The situation is far from stable in Ukraine, following the death of dozens of demonstrators at the hands of the forces of order and the fall of President Yanukovych. In towns such as Lviv, near the Polish border, arms stores in police stations have been looted and police units are in a state of paralysis. While the bloodbath has halted, the country has been torn apart in three months of crisis, its economy is weakened, partition looms, and the democratic context is very uncertain.
In recent weeks, watching events unfold, the European Union has considered the imposition of sanctions aimed at ‘those responsible for repression and violation s of human rights’. It has not, however, called into question agreements on border police cooperation reached between the EU and Ukraine which, now more than ever, pose a threat to respect of fundamental rights.
This is the situation. A readmission agreement in force between the EU and Ukraine permits member states to return Ukrainians found to be in an irregular situation on their territory, and likewise people from third countries having passed through Ukraine. Since the agreement came into force, Ukrainians have been among those nationalities most often expelled from the EU simply for not having a valid travel or visitor’s document. According to the European Commission, numbers of returned Ukrainians were 9,940 in 2008, 8,340 in 2009 and 8,405 in 2010. In the same three years Poland alone returned 4,265 Ukrainians.
While this last figure can in part be explained by the proximity of the two countries, it is also the result of another agreement, which Ukraine signed with the agency Frontex. According to Frontex, ‘Poland, more than any other member state, continues to deny entry to foreigners most of whom are Russians, Ukrainians and Georgians.’  In the first three quarters of 2013, 11,219 Ukrainians were pushed-back at the EU’s external borders ] – mainly land borders – without the cases being examined on an individual basis. A ‘fast track’ clause in the agreement envisages these returns being carried out within 48 hours at most. This is a reminder that in 2010–12, charter flights were organised under the aegis of Frontex to return Ukrainians. In its most recent report on immigration and asylum, the European Commission goes so far as to suggest that ‘recourse to joint return flights [should be] further encouraged, drawing fully on the Return Fund and Frontex.’ ]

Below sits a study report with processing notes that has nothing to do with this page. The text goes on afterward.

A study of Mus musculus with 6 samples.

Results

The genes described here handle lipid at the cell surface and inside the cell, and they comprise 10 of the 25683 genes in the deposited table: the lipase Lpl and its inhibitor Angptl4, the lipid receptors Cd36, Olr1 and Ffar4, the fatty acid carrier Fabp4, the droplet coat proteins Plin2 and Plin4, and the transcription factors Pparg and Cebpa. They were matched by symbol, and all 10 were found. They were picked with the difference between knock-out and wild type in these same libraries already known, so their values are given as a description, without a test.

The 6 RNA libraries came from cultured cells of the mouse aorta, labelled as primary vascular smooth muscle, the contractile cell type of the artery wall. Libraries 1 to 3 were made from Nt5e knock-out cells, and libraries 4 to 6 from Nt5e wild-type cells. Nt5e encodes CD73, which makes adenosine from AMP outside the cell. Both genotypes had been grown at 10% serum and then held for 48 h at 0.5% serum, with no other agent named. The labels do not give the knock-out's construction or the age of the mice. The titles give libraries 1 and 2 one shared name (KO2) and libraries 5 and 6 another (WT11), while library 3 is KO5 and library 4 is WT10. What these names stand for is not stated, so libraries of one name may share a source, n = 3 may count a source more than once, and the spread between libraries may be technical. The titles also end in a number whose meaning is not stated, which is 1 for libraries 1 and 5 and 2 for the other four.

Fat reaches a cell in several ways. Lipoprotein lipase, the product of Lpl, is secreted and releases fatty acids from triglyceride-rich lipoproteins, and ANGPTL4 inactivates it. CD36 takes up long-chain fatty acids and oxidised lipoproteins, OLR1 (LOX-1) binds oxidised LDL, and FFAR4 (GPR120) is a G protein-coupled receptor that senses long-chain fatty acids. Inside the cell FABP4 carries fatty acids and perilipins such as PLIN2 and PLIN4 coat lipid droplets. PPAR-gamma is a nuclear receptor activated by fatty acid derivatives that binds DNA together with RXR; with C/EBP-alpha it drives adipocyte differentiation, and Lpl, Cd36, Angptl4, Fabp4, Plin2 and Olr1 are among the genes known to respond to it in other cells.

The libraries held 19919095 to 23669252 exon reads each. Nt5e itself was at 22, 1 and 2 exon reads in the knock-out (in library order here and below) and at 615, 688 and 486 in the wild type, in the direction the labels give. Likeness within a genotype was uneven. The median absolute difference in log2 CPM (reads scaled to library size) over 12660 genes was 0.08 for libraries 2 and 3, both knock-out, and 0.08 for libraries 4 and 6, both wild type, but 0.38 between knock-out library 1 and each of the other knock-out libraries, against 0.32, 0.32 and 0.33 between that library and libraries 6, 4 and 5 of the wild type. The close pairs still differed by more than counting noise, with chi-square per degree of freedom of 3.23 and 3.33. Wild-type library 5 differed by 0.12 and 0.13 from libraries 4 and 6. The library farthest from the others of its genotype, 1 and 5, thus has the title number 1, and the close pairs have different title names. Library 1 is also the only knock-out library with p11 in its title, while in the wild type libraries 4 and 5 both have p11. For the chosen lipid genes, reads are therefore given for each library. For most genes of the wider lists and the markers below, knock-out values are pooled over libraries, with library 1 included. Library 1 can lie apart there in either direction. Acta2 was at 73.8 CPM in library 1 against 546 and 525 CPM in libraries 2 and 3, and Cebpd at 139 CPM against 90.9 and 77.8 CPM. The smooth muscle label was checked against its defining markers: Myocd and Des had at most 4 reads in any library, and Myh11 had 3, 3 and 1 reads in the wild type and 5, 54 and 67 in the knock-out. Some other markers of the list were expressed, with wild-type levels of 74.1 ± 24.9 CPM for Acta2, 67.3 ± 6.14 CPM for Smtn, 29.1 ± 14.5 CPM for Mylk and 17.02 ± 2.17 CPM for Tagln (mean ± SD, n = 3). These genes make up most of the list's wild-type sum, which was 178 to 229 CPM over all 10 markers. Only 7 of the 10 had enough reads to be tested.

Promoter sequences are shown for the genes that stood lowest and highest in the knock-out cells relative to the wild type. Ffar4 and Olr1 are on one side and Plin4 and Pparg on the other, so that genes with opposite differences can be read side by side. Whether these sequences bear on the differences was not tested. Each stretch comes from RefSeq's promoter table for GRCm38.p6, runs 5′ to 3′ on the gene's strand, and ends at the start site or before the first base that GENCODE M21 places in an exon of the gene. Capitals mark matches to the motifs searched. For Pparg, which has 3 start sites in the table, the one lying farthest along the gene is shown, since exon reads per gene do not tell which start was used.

In a review of the application of joint agreements on readmission (23 February 2013), the European Commission insisted that ‘members states must always respect fundamental rights when applying readmission agreements and must therefore suspend their application whenever this might threaten a violation of fundamental rights.’ In support of this recommendation, Migreurop and the Transeurope experts reported that ‘The situation facing migrants and asylum seekers in Ukraine continues to be alarming; several NGOs have long condemned the degrading living conditions to which migrants are submitted.’ ] What was true in 2011 is even more so today. On the one hand, people leaving Ukraine who are potentially eligible for international protection as a result of the political situation in their country run the risk of a summary return, in breach of the Geneva Refugee Convention. On the other, the current political and administrative instability in the country can but reinforce the risk faced by those expelled from the EU.
In light of recent events, Migreurop demands that the Commission complies with its own recommendations, by immediately suspending the implementation of the readmission agreement with Ukraine, and carries out an independent re-evaluation of this agreement. Migreurop also demands that Frontex ceases immediately all cooperation with the Ukrainian police, and ceases also all expulsions of Ukrainians or other nationals to Ukraine.